It might be the same old story and same old song and dance, but every time Evander Holyfield fights, it needs to be said.
Evander Holyfield should have retired years ago. And his quest to once again become "world heavyweight champion" is crazier than it is admirable.
Holyfield is now 48 years old. This Saturday in Denmark, he will face 46-year-old Brian Nielsen. Nielsen (64-2, 43 KO) carries one of the emptiest "great records" in notable boxing history, and years ago earned the unflattering nickname "Danish Pastry" among diehard boxing fans.
Most worrisome is that at his advanced age, Nielsen hasn't fought in nine years, yet both he and Holyfield were able to pass whatever medical standards there are in Denmark. Holyfield had his license taken away after disastrous 2004 loss to Larry Donald. At that time, the New York State Athletic Commission felt that Holyfield should no longer be allowed to enter a pro ring.
That was seven years ago. Five years ago, the questionable commission in Texas re-licensed "The Real Deal," who then won four fights in a row (one questionable against Fres Oquendo) before landing a 2007 fight against WBO titlist Sultan Ibragimov. That fight was dominated by Ibragimov, himself hardly a special fighter, and the fight wound up most memorable because of the PPV commercial that tried unsuccessfully to sell the fight to American audiences:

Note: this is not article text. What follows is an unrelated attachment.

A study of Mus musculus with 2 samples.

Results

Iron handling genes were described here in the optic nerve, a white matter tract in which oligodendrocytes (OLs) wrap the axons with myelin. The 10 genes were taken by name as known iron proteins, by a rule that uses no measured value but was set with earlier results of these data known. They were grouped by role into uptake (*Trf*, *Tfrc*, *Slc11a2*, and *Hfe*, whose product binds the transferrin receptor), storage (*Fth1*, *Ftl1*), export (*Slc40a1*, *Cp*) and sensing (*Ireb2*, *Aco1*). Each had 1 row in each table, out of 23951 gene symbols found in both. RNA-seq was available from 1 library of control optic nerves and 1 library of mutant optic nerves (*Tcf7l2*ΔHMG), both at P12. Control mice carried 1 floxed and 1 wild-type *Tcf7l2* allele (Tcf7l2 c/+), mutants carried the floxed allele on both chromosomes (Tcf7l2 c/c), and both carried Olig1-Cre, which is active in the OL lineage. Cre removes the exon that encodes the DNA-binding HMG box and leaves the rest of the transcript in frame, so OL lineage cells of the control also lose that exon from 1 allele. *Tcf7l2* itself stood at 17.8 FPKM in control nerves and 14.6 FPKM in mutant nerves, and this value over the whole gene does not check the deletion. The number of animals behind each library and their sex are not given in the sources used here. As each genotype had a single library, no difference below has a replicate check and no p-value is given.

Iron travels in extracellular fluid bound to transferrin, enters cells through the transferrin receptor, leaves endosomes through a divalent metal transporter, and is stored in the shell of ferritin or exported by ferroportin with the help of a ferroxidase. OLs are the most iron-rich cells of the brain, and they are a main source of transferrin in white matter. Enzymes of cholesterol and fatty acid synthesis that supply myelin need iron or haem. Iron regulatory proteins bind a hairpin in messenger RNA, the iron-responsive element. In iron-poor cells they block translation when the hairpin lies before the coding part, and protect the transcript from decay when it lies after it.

The dolphin waited. And a generation of boxing fans who barely have any memories of Evander Holyfield the great heavyweight champion are still waiting for the old man to hang up the gloves once and for all.
Following Holyfield's loss to Ibragimov, he was granted a shot at seven-footer Nikolai Valuev in December 2008, 14 months after the Ibragimov fight. Valuev-Holyfield was without question a pure freak show, held in Switzerland where neither man had any significant following.
Sadly, that fight might have been it for Holyfield had he actually won the fight. Maybe just one of the four titles that will likely never again be unified would have been enough. And from my view, Holyfield deserved the win. But Valuev got the nod.
And so we trudge on. Holyfield's dreams are inspiring in their way. But the writing has been on the wall for almost a decade. Last year, he returned after sitting out all of 2009 to beat a fat, old version of Francois Botha. In January of this year, he faced journeyman Sherman Williams in White Sulphur Springs, West Virginia -- far away from the old lights of Las Vegas, Madison Square Garden, and Atlantic City.
On Saturday, he trots the globe once more, in search of an elusive dream that will never come true. There was once a time when Evander Holyfield fighting on a Saturday night would have had the boxing world's eyes glued to their TV screens. Now, he is an afterthought as the world watches Manny Pacquiao and Shane Mosley at the MGM Grand, where Holyfield fought Mike Tyson in two of the most famous and highly-watched fights of the 1990s.
If it weren't so sad, it would be laughable. Trouble is, it really is too sad to laugh.